An enigmatic historical account and the blame game.
by Mike Stavlund
Gospel Reading: John 2:13-22
For Sunday, March 11, 2012: Year B—Lent 3
For some reason, Jesus picks this one day out of his whole lifetime of trips to the Temple to come unhinged.
Why is Jesus so Angry?
Presumably, the commerce there was common practice, and this was just another ordinary day. Except that this was the day that the crazy person from Nazareth made a whip and drove all of the people and animals out of the Temple, flipping tables as he went.
Jesus even makes a special point of dressing down the dove retailers, accusing them of making the Temple into a marketplace.
When the din dies down a bit, the Temple authorities ask Jesus, “Why are you doing this?”
Ask a Reasonable Question, Get a Non-Answer
To this very sensible question, Jesus gives an answer that is both non sequitur and highly inflammatory: “Destroy this temple, and in three days I will raise it up.”
Say What, Jesus?
This is akin to shouting “Bomb!” in the TSA line, or choosing the lawn of the White House as a great place to run your wind-sprints. Destroy the Temple? What are you talking about, Jesus? Just what kind of fight are you trying to start here?
With some restraint, it seems, the Temple authorities ask for some clarification. At which point Jesus goes mute. End of story.
What Really Happened that Day?
We know we should give Jesus the benefit of the doubt, but what if we don’t? Some uncredentialed person walks into a holy site, goes crazy, then gives a cryptic response and/or veiled threat before he shuts up completely.
The story doesn’t even make sense without a lot of speculative interpretation. Even the disciples who witnessed it don’t know what to make of it: John’s interpretive clues don’t occur to him until much later.
More than most, this is a gospel passage that gets inflicted on others from a later perspective. Even in the text itself, the disciples don’t know who to blame until they’ve had time to get their dander up. It seems that this tradition has been carried on ever since.
The Blame Game
There are lots of cheap shots that a low-church guy like myself can make here about preachers with salaries and churches with mortgages (which only serve to hide my jealousy at personalized parking places and retirement plans).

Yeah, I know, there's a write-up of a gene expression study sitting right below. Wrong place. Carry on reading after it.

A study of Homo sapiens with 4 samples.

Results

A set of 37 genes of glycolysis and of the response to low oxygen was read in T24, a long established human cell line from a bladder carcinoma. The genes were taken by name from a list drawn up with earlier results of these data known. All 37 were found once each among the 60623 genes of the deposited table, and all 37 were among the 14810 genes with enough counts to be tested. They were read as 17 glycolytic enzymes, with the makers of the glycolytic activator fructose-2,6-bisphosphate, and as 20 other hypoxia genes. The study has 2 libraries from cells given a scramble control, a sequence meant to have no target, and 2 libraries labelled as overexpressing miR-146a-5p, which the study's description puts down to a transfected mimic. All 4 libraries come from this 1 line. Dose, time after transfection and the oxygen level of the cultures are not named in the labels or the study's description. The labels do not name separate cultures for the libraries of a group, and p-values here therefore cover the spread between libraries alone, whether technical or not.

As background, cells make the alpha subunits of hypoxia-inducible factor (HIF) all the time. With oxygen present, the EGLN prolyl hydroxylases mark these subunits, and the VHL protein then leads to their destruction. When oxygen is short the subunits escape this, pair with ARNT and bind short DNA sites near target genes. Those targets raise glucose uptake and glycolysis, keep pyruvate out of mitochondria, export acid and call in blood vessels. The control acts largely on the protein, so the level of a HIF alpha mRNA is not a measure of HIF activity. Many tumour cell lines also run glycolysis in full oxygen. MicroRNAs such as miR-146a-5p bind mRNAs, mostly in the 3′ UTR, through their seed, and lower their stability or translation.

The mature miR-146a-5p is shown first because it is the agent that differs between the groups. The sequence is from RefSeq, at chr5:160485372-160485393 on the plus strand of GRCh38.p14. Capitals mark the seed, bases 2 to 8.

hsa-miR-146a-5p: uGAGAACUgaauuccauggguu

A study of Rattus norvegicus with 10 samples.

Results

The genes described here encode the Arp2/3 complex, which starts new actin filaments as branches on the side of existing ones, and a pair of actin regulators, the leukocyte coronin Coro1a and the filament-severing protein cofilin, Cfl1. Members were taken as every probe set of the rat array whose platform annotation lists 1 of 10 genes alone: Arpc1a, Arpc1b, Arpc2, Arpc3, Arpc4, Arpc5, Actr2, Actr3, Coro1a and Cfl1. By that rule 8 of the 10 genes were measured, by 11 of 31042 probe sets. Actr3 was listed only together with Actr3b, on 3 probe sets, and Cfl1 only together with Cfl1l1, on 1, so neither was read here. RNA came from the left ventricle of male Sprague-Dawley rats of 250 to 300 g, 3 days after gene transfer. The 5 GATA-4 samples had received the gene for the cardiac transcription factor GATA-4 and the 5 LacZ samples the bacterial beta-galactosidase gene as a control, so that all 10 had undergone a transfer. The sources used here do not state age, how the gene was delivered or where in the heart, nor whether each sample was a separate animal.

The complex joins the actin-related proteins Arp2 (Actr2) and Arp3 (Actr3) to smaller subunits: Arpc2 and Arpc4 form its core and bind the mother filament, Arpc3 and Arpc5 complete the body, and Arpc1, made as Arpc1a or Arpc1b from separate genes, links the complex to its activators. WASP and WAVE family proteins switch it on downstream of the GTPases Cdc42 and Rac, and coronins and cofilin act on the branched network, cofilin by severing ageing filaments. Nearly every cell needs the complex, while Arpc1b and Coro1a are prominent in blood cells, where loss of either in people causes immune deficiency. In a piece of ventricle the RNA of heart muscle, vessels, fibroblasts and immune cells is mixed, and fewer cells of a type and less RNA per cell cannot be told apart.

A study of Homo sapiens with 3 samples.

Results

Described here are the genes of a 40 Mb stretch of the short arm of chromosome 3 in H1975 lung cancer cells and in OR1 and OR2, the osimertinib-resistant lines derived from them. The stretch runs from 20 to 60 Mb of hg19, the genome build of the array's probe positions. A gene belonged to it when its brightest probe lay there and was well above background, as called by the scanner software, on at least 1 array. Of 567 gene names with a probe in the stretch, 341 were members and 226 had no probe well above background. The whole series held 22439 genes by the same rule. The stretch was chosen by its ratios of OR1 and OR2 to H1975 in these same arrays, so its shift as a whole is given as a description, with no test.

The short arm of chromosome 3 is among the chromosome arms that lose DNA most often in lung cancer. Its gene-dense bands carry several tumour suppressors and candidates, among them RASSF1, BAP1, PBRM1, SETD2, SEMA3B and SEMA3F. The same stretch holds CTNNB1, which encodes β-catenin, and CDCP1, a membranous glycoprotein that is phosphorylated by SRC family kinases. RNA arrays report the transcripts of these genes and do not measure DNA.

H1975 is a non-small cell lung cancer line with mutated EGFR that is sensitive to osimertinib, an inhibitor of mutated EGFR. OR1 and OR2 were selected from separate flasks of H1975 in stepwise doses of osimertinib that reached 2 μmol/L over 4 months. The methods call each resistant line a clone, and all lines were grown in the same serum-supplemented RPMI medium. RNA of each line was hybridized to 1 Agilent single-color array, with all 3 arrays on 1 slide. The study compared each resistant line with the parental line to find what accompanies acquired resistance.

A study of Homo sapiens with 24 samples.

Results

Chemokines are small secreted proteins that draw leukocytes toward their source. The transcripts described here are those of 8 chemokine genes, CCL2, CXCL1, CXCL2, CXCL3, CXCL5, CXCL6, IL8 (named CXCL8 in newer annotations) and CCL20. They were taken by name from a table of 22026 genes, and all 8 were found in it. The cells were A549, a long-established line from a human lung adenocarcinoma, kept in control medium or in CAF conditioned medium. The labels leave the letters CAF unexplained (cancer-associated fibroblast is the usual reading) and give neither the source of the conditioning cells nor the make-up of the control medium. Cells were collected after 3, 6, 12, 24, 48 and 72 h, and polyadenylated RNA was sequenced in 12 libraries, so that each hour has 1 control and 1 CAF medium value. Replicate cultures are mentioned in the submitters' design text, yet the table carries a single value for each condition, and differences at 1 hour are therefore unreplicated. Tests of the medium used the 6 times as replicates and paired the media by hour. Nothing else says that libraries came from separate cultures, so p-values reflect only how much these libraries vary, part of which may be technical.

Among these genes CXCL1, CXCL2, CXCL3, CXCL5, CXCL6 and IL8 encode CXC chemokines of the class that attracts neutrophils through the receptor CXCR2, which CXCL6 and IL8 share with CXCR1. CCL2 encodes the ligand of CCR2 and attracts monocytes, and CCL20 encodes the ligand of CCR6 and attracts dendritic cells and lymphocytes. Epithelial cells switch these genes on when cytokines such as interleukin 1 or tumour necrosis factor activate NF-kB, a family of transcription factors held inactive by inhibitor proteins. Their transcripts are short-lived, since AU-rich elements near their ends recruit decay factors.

Perhaps without even noticing, we put faces on these characters: the faces of our enemies and opponents. So Jesus is mad at commerce, or capitalism. Jesus is angry at religious establishments. Or authorities. Or Judaism. Or religion itself. Or sacrifices. Or Temples. Or church buildings. Or worship services. And so on.
Ann Lamott has famously said, “You can safely assume you’ve created God in your own image when it turns out that God hates all the same people you do.”
The Hardest Question
We want to ask, “What was Jesus’ intent here?” But maybe that’s the wrong question. Maybe this enigmatic passage acts as a mirror to show us our own faults, biases, and prejudices.
Who do we tend to blame? In this Lenten season of self-examination, perhaps that’s the hardest question of all.
Mike Stavlund writes from a 5-car pile-up at the intersection of his Christian faith and real life. A husband of over 15 years and a father of 4 children, he lives with his wife and 3 daughters in a small house outside Washington, DC. He’s a part of an innovative emergence Christian community called Common Table, a co-conspirator with the Relational Tithe, and a proud part of the collective called Emergent Village. He blogs at MikeStavlund.com, and his first book, “Force of Will”, will be published by Baker in the Spring of 2013.